While it is probably not getting the media play Apple intended among the much larger story of iOS 9 crashing and slowing down iPhones, Apple has taken some steps in securing their users information. In typical Apple fashion, they are very small steps, harkening back to times of old for those of us on different platforms.
This is the company that shall forever be known for allowing celebrities personal pictures to be traded like commodities in the back alleys of the internets, and then stated their security acted as it should. Security has seemingly been nothing more than a way to charge more for Apple. Adding a fingerprint sensor was really nothing more than adding lights and sounds to appease an easily appeased audience. But let’s see what’s new on the security front for iOS 9.
Passcodes: iOS 9 has increased the passcode requirement from 4 digits to 6 digits. While this does make cracking a passcode exponentially more difficult. It begs a question ‘how many Apple coders does it take to increase a PIN from 4 to 6?’ Hopefully that answer is one, and hopefully it took minutes.
There is another feature that has been added in iOS 9 with the passcode. One which is all to familiar to BlackBerry users as we’ve had it for long enough to just say ‘forever’. Now if the passcode is entered incorrectly 10 times, the phone will wipe itself. This is the simple type of security that would have stopped the theft of the celebrity photos.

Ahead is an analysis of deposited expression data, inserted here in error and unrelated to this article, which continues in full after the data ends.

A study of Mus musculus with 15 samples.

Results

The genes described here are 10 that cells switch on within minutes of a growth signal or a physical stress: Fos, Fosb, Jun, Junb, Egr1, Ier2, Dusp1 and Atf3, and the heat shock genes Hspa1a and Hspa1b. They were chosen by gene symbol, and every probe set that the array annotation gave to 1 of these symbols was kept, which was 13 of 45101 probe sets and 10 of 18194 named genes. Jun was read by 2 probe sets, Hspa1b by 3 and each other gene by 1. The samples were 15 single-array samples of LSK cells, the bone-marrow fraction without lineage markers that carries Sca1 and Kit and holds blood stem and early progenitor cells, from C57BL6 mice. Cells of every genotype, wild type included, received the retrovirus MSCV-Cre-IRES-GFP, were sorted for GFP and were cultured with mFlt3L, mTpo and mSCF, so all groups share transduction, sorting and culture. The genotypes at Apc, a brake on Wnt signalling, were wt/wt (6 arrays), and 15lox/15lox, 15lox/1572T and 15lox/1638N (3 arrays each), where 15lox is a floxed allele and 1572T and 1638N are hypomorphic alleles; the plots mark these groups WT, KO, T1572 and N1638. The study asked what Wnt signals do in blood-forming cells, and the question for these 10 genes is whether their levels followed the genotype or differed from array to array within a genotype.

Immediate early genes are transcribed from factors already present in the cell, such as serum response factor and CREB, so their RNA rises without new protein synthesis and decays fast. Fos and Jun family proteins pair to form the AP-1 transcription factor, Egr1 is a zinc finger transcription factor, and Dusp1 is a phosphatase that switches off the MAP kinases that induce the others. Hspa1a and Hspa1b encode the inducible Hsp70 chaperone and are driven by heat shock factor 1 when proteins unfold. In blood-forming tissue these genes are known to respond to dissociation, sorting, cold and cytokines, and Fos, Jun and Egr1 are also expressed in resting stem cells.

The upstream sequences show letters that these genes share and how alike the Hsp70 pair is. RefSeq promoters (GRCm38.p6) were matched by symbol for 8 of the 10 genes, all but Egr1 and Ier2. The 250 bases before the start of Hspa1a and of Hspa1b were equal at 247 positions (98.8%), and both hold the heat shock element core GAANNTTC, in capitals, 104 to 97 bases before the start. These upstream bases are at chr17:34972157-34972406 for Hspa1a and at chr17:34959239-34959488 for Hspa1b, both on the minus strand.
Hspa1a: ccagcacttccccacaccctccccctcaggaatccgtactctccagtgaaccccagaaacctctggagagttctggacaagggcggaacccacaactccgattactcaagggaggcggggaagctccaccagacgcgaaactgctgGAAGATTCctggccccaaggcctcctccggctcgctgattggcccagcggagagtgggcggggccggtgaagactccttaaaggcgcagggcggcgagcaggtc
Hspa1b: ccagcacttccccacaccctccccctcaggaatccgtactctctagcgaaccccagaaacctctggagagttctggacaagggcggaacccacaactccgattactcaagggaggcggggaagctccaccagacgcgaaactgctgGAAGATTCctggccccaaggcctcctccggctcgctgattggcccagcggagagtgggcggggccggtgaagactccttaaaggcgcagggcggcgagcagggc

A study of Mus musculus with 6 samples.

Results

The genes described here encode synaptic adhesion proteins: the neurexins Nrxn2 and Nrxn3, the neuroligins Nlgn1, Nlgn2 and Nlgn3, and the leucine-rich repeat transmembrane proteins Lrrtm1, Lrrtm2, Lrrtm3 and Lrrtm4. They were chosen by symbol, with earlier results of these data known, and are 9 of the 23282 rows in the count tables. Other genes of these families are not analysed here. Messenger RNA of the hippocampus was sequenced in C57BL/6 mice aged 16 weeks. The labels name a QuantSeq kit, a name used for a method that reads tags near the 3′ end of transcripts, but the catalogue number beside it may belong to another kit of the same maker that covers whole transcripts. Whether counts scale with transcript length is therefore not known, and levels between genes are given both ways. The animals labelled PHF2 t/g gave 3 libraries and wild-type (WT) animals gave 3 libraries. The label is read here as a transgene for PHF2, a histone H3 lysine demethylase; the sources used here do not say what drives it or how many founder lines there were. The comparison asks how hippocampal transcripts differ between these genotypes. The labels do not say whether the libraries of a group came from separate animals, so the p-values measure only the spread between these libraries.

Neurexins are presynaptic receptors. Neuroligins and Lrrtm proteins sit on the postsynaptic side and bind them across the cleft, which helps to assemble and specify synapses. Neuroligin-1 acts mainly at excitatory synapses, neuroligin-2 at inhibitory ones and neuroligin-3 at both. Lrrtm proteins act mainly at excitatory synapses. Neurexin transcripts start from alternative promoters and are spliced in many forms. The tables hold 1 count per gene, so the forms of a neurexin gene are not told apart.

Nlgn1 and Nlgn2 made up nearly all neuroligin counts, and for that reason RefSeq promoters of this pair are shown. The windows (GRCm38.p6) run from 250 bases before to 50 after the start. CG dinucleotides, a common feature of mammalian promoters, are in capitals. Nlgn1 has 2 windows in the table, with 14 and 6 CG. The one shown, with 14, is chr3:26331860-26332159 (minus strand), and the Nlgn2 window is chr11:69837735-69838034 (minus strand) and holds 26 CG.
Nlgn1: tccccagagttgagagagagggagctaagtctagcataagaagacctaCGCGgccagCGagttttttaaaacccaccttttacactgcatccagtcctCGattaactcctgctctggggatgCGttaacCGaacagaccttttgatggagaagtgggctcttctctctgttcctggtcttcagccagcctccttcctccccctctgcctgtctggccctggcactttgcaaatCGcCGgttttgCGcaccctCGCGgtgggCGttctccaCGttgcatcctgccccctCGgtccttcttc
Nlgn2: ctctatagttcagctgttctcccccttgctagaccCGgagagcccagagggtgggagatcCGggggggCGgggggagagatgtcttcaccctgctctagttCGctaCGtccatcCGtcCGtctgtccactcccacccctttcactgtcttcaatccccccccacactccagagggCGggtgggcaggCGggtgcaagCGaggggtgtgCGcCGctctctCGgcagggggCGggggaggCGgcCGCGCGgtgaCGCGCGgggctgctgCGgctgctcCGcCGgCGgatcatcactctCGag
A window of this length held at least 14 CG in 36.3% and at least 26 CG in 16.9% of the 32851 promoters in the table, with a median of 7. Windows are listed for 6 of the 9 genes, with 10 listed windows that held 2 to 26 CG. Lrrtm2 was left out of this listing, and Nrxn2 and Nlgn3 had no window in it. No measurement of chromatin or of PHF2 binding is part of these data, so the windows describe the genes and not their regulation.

Two Factor Identification for iCloud (Not really though): Now when users sign in to their iCloud with a new device, they’re prompted to enter a 6 digit passcode, which is then sent to other devices registered to the cloud. In this way, the user is alerted that another device has accessed the iCloud account. As InfoWorld points out, “Despite Apple touting the system as two-factor authentication for iCloud, this is really a two-step verification method for Apple ID. There is no second factor — such as a physical token or biometric identifier — to authenticate users.”
Oh well, at least Apple is taking those initial steps towards security. While it’s obvious these tiny steps are in response to very public breaches, we can only hope that this is a sign that Apple is starting to recognize the importance of keeping their users data safe. However I think it’s far more likely that Apple won’t concern itself with security until they can find a lucrative reason to, and as long as the iPhone continues to have record sales, we can continue to see Swiss cheese security.